No. of Recommendations: 2

You are correct that new I-Bond purchases must be re-examined every 6 months as the rates and conditions change. I was responding to Ali's question as to whether a couple could purchase more than $60,000. year in paper I-Bonds and presented what I believe to be the best source for information on any type of US Savings Bonds. I was not attempting to comment as to the merits of investing in I-Bonds as compared with other investments avail. at this time.

We began buying I-Bonds in November 1999 when the fixed rate component was 3.4% and continued buying them through May of 2001 at 3.0% fixed rate. November 1, 2001 the fixed rate dropped to 2% and we have not bought any since. The current composite rate of the bonds we hold is 8.73% to 9.13% tax deferred and exempt from state and local taxes. I only wish that I had known then that I could have purchased more than the stated $30,000. per person per year. I did not buy Tom Adams book until 2005 and through his e-mail alerts, he keeps us apprised of any significant changes in bonds. It reduces the necessity of having to rebuy his book every 6 months. I do however recommend that a copy of this book be in everyones investment library.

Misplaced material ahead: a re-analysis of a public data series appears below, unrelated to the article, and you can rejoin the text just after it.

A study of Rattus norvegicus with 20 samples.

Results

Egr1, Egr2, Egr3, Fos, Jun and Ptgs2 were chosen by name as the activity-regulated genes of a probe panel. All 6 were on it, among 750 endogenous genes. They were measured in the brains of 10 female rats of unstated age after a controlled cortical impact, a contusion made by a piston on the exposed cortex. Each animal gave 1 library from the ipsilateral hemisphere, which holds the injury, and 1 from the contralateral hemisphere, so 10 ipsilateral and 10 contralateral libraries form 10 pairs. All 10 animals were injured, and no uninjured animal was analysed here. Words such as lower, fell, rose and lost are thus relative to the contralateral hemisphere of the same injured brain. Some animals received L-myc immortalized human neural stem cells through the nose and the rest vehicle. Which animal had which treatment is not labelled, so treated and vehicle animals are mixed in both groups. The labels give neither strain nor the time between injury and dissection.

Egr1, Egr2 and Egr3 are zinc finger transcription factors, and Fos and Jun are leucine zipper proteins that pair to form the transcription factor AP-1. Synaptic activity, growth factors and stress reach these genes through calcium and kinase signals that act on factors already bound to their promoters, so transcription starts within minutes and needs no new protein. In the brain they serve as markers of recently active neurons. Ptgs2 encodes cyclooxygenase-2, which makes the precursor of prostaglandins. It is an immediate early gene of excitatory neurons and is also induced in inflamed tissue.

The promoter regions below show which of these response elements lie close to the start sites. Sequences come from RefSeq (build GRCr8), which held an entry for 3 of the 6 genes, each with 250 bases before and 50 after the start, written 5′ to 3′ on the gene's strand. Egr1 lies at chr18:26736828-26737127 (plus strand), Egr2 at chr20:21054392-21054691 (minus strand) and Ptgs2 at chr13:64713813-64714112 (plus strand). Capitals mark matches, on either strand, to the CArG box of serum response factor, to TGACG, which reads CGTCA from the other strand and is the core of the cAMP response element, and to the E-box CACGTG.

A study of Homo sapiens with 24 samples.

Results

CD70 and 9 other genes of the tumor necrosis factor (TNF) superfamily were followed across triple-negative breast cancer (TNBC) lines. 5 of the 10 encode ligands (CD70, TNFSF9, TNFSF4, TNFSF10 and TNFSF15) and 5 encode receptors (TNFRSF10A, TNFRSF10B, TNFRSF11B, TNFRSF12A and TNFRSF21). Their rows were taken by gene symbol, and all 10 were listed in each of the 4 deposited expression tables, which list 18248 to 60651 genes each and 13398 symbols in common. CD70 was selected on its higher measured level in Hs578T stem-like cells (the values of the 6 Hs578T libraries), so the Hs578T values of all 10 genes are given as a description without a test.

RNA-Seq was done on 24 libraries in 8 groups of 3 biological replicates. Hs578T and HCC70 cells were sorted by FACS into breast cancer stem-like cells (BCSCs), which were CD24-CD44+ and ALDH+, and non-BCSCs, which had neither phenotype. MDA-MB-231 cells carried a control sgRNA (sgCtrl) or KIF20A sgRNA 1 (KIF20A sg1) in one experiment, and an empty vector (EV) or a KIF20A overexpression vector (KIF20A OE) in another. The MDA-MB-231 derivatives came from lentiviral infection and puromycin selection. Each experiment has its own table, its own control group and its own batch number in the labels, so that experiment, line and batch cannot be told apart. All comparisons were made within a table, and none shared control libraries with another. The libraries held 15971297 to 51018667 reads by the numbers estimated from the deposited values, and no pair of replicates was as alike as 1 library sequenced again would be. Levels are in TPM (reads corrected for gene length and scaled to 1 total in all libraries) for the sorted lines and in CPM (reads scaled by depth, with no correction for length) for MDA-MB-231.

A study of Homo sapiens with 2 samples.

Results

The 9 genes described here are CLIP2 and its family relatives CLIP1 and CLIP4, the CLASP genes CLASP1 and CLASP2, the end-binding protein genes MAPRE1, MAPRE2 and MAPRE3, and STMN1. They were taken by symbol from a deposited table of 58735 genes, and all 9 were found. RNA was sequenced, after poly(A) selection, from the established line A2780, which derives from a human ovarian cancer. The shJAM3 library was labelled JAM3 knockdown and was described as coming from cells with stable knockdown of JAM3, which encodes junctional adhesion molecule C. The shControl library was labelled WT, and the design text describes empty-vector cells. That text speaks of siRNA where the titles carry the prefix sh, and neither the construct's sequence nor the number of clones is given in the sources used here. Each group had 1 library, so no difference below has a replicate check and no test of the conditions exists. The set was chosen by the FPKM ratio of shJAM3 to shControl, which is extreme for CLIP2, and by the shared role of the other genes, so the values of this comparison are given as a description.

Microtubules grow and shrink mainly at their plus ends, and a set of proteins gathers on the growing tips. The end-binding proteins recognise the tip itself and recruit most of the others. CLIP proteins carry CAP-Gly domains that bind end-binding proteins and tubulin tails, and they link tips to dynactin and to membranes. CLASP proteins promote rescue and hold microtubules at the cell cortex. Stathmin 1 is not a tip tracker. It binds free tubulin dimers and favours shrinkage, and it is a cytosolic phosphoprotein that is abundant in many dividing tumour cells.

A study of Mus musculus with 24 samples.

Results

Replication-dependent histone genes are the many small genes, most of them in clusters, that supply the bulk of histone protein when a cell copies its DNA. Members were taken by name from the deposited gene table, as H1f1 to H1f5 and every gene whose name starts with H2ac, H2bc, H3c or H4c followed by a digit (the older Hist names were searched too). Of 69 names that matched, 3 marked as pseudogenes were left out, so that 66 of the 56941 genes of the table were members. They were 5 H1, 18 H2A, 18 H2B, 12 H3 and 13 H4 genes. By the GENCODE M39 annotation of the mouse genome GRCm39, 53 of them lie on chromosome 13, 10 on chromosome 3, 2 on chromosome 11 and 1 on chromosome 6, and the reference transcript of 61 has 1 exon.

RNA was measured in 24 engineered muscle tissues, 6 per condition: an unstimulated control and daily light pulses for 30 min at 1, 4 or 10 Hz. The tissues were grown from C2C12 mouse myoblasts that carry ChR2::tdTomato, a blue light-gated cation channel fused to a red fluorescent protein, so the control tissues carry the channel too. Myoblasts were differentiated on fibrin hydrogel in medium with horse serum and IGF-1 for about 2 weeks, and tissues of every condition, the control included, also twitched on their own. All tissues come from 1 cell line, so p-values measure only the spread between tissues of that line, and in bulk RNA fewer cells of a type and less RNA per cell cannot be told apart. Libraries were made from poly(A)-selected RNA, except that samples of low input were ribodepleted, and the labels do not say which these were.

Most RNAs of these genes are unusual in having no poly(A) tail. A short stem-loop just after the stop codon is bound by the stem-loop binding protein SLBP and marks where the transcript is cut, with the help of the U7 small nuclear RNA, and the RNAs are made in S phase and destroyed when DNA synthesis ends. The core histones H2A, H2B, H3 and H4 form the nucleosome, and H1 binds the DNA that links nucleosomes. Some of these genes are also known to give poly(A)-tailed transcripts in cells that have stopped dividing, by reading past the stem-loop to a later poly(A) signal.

When the rates on EE bonds were pegged to 90% of the 5 year Treasury, even the lowly EE could be included in a savings bond portfolio, however, since they are now are a fixed rate and with the fear that inflation is rearing again, it would be difficult to include them in any long range stratagy.

I too wish they would raise the fixed rate of the I-Bond. Having the high inflation component and the extremely low fixed component is cause for concern if we ever have a deflationary period. If you enroll in Savings Bond Alerts e-mail alerts, he will give you his best estimates as to the rates for the next six months about April 21st and October 21st. I do recommend that everyone sign-up for these. They are free,and give you one more valuable information source to be included in your total investment package.